Fiscal cliff class

By Ali DeRees

A new course within the political science department allows students to work with real life issues both the federal and state government are currently facing.

“The Fiscal Cliff: Taxing, Spending, Debt, and Deficits” is a course designed to give students the opportunity to work both individually and in groups on projects such as balancing the budget, avoiding a government shutdown and reforming different laws and taxes. 

The course is taught by Chuck Moss and Michael or “Mickey” Switalski, both accomplished politicians with extensive backgrounds in local and state government. 

 

Behind the podium

Moss is a law school graduate of University of Detroit Law School. He was a political columnist for The Detroit News and also did political commentary in radio and TV. He has served three terms at the Oakland Country Commission and three terms at the Michigan House of Representatives. Within his three terms at the House, Moss was Chairman of the House of Appropriations Committee. 

Switalski is the newly elected treasurer of Roseville. He is a Roseville native and served on the Roseville City Council. He has served terms two terms as a legislator in the House of Representatives and two terms as a Senator in the Michigan Senate. Switalski has taught classes at Oakland University for three years and has also taught at Macomb Community College.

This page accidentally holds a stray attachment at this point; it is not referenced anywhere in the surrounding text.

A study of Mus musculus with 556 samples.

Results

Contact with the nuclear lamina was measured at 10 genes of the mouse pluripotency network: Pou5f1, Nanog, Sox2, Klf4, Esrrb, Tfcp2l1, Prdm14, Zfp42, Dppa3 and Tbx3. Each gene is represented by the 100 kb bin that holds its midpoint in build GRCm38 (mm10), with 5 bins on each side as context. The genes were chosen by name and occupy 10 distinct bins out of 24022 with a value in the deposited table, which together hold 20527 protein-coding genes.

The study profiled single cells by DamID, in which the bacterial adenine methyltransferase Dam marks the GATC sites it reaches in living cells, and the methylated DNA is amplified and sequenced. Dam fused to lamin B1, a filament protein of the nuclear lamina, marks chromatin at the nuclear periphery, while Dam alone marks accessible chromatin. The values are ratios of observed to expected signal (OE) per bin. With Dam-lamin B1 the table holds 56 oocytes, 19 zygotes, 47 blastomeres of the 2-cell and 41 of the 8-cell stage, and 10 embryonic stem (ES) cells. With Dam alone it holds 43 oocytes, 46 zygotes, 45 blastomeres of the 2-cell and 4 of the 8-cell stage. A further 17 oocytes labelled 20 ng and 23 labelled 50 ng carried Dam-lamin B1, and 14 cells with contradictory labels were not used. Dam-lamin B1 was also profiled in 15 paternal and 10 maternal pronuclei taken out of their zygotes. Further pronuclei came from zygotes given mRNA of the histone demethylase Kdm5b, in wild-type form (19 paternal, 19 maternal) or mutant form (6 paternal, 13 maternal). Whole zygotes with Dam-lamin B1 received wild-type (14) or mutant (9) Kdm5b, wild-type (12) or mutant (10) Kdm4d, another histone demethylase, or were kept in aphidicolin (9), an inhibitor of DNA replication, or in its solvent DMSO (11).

In the three and a half hour class, students do a range of activities, from quizzes and readings to debates on current government issues. 

Moss described how topical the class has been and how beneficial it has been for the students.

“The night, for instance, Congress was debating the budget, we came in and debated the budget. We came in and had half you guys Democrats, half you guys Republicans, half you guys House, half you guys Senate, gave them some objectives and said alright 9:00 p.m. is the equivalent of midnight, the government shuts down at midnight,” he said. “We told them don’t shut down the government, don’t do it, and they got it done.” 

 

Fiscal responsibility

Moss has also been impressed with the students. 

Switalski is pleased to see the students have grown since the beginning of the semester and their focus on the reality of government activities. 

Switalski said there are four people in the class working on their own campaigns.

He said one student asked if being on the legislature in Lansing was as much fun. 

“Way more fun, way more fun!” Moss said with a laugh.